What is the definition of Coarctation of the Aorta?

The aorta carries blood from the heart to the vessels that supply the body with blood. If part of the aorta is narrowed, it is hard for blood to pass through the artery. This is called coarctation of the aorta. It is a type of birth defect.

What are the alternative names for Coarctation of the Aorta?

Aortic coarctation

What are the causes for Coarctation of the Aorta?

The exact cause of coarctation of the aorta is unknown. It results from abnormalities in development of the aorta prior to birth.

Coarctation of the aorta

Aortic coarctation is more common in people with certain genetic disorders, such as Turner syndrome.

Aortic coarctation is one of the more common heart conditions that are present at birth (congenital heart defects). This abnormality accounts for about 5% of all congenital heart defects. It is most often diagnosed in children or adults under age 40.

People who have this problem with their aorta may also have a weak area in the wall of blood vessels in their brain. This weakness causes the blood vessel to bulge or balloon out. This is known as a berry aneurysm. It can increase the risk for stroke.

Coarctation of the aorta may be seen with other congenital heart defects, such as:

  • Bicuspid aortic valve
  • Aortic stenosis
  • Ventricular septal defect
  • Patent ductus arteriosus

What are the symptoms for Coarctation of the Aorta?

Symptoms depend on how much blood can flow through the artery. Other heart defects may also play a role.

About half of newborns with this problem will have symptoms in the first few days of life. These can include breathing fast, problems eating, increased irritability, and increased sleepiness or becoming poorly responsive. In severe cases, the infant may develop heart failure and shock.

In milder cases, symptoms may not develop until the child has reached adolescence. Symptoms include:

  • Chest pain
  • Cold feet or legs
  • Dizziness or fainting
  • Decreased ability to exercise
  • Failure to thrive
  • Leg cramps with exercise
  • Nosebleed
  • Poor growth
  • Pounding headache
  • Shortness of breath 

There may also be no symptoms.

What are the current treatments for Coarctation of the Aorta?

Most newborns with symptoms will have surgery either right after birth or soon afterward. They will first receive medicines to stabilize them.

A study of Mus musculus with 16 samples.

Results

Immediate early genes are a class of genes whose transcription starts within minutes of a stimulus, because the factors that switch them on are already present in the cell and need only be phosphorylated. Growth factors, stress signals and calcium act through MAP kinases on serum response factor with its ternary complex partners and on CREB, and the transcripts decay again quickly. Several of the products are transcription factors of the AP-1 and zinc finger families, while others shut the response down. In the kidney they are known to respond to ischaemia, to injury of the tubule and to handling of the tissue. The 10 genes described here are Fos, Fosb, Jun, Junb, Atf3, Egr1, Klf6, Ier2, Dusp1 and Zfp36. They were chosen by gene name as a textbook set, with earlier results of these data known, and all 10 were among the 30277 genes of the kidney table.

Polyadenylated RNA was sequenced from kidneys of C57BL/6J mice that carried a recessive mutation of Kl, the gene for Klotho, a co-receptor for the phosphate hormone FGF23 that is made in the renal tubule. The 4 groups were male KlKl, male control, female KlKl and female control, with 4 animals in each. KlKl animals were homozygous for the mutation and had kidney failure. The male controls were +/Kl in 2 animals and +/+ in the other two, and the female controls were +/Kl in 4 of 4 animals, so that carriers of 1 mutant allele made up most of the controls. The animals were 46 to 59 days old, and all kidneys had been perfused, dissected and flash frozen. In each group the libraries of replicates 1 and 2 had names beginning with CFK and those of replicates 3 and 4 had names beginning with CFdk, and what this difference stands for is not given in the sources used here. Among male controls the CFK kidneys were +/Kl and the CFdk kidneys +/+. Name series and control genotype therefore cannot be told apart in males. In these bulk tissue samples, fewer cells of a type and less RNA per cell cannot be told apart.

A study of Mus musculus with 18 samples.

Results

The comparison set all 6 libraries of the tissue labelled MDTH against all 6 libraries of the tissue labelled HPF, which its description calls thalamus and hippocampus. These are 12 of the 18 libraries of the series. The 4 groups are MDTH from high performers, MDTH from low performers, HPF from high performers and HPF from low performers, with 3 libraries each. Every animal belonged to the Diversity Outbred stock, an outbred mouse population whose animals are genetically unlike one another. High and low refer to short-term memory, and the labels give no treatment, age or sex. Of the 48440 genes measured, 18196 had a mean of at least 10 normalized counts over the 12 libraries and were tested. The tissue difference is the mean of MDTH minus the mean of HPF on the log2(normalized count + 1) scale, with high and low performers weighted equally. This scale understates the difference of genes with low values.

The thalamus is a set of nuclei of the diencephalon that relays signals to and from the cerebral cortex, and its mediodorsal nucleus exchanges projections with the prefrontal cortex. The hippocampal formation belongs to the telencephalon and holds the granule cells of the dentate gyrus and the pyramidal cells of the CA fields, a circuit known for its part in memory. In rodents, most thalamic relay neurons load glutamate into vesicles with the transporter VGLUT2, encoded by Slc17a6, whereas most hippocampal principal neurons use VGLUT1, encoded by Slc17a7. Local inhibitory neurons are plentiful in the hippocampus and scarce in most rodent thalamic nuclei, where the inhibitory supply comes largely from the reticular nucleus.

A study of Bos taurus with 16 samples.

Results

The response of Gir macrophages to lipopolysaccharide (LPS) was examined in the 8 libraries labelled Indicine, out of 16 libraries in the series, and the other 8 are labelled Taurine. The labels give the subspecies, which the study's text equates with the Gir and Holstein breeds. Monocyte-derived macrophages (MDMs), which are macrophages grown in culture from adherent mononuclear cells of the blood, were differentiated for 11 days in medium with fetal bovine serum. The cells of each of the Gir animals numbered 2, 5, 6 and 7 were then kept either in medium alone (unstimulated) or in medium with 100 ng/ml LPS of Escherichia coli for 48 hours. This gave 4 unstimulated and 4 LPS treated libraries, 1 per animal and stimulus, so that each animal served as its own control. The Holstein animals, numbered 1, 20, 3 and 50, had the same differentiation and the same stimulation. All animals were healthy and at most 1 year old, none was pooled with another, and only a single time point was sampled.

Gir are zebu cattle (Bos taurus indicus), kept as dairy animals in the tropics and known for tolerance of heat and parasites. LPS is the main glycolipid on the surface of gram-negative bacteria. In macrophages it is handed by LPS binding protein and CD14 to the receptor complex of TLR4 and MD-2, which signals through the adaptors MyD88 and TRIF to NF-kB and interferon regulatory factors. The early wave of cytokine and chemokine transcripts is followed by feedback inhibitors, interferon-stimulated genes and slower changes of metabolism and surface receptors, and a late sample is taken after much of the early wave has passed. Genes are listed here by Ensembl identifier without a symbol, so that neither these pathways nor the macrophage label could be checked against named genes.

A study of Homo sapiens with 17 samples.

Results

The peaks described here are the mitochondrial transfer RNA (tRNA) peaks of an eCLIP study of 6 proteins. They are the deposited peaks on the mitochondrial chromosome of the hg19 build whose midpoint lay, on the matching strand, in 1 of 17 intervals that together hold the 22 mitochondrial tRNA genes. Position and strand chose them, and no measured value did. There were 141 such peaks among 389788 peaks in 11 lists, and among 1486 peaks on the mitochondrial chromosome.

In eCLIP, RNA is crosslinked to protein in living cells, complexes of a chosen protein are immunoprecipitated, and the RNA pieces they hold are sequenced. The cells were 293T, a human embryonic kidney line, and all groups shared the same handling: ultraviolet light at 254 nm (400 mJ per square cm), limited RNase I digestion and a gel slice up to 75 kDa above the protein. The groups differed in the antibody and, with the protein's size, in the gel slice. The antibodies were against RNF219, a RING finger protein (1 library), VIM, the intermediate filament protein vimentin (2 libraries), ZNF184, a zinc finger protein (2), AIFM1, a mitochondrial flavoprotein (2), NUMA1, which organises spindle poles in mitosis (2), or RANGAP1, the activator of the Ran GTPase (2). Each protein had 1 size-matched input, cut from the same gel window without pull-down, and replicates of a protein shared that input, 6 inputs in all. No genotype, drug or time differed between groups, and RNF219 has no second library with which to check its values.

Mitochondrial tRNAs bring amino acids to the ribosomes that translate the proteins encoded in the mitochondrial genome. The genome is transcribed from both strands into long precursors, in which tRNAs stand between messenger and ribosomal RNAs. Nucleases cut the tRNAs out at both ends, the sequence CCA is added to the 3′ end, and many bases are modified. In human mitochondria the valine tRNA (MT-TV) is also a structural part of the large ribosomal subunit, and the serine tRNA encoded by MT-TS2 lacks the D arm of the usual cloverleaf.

Children who are diagnosed when they are older will also need surgery. In most cases, the symptoms are not as severe, so more time can be taken to plan for surgery.

During surgery, the narrowed part of the aorta will be removed or opened.

  • If the problem area is small, the two free ends of the aorta may be reconnected. This is called an end-to-end anastomosis.
  • If a large part of the aorta is removed, a graft or one of the patient's own arteries may be used to fill the gap. The graft may be man-made or from a cadaver.

Sometimes, doctors will try to stretch open the narrowed part of the aorta by using a balloon that is widened inside the blood vessel. This type of procedure is called a balloon angioplasty. It may be done instead of surgery, but it has a higher rate of failure.

Older children usually need medicines to treat high blood pressure after surgery. Some will need lifelong treatment for this problem.

What is the outlook (prognosis) for Coarctation of the Aorta?

Coarctation of the aorta can be cured with surgery. Symptoms quickly get better after surgery.

However, there is an increased risk for death due to heart problems among those who have had their aorta repaired. Lifelong follow-up with a cardiologist is encouraged.

Without treatment, most people die before age 40. For this reason, doctors most often recommend that the person has surgery before age 10. Most of the time, surgery to fix the coarctation is done during infancy.

Narrowing or coarctation of the artery can return after surgery. This is more likely in people who had surgery as a newborn.

What are the possible complications for Coarctation of the Aorta?

Complications that may occur before, during, or soon after surgery include:

  • An area of the aorta becomes very large or balloons out
  • Tear in the wall of the aorta
  • Rupture of the aorta
  • Bleeding in the brain
  • Early development of coronary artery disease (CAD)
  • Endocarditis (infection in the heart)
  • Heart failure
  • Hoarseness
  • Kidney problems
  • Paralysis of the lower half of the body (a rare complication of surgery to repair coarctation)
  • Severe high blood pressure
  • Stroke

Long-term complications include:

  • Continued or repeated narrowing of the aorta
  • Endocarditis
  • High blood pressure

When should I contact a medical professional for Coarctation of the Aorta?

Call your provider if:

  • You or your child has symptoms of coarctation of the aorta
  • You develop fainting or chest pain (these may be signs of a serious problem)

How do I prevent Coarctation of the Aorta?

There is no known way to prevent this disorder. However, being aware of your risk may lead to early diagnosis and treatment.

REFERENCES

Fraser CD, Kane LC. Congenital heart disease. In: Townsend CM Jr, Beauchamp RD, Evers BM, Mattox KL, eds. Sabiston Textbook of Surgery: The Biological Basis of Modern Surgical Practice. 20th ed. Philadelphia, PA: Elsevier; 2017:chap 58.

Webb GD, Smallhorn JF, Therrien J, Redington AN. Congenital heart disease in the adult and pediatric patient. In: Zipes DP, Libby P, Bonow RO, Mann DL, Tomaselli GF, Braunwald E, eds. Braunwald's Heart Disease: A Textbook of Cardiovascular Medicine. 11th ed. Philadelphia, PA: Elsevier Saunders; 2019:chap 75.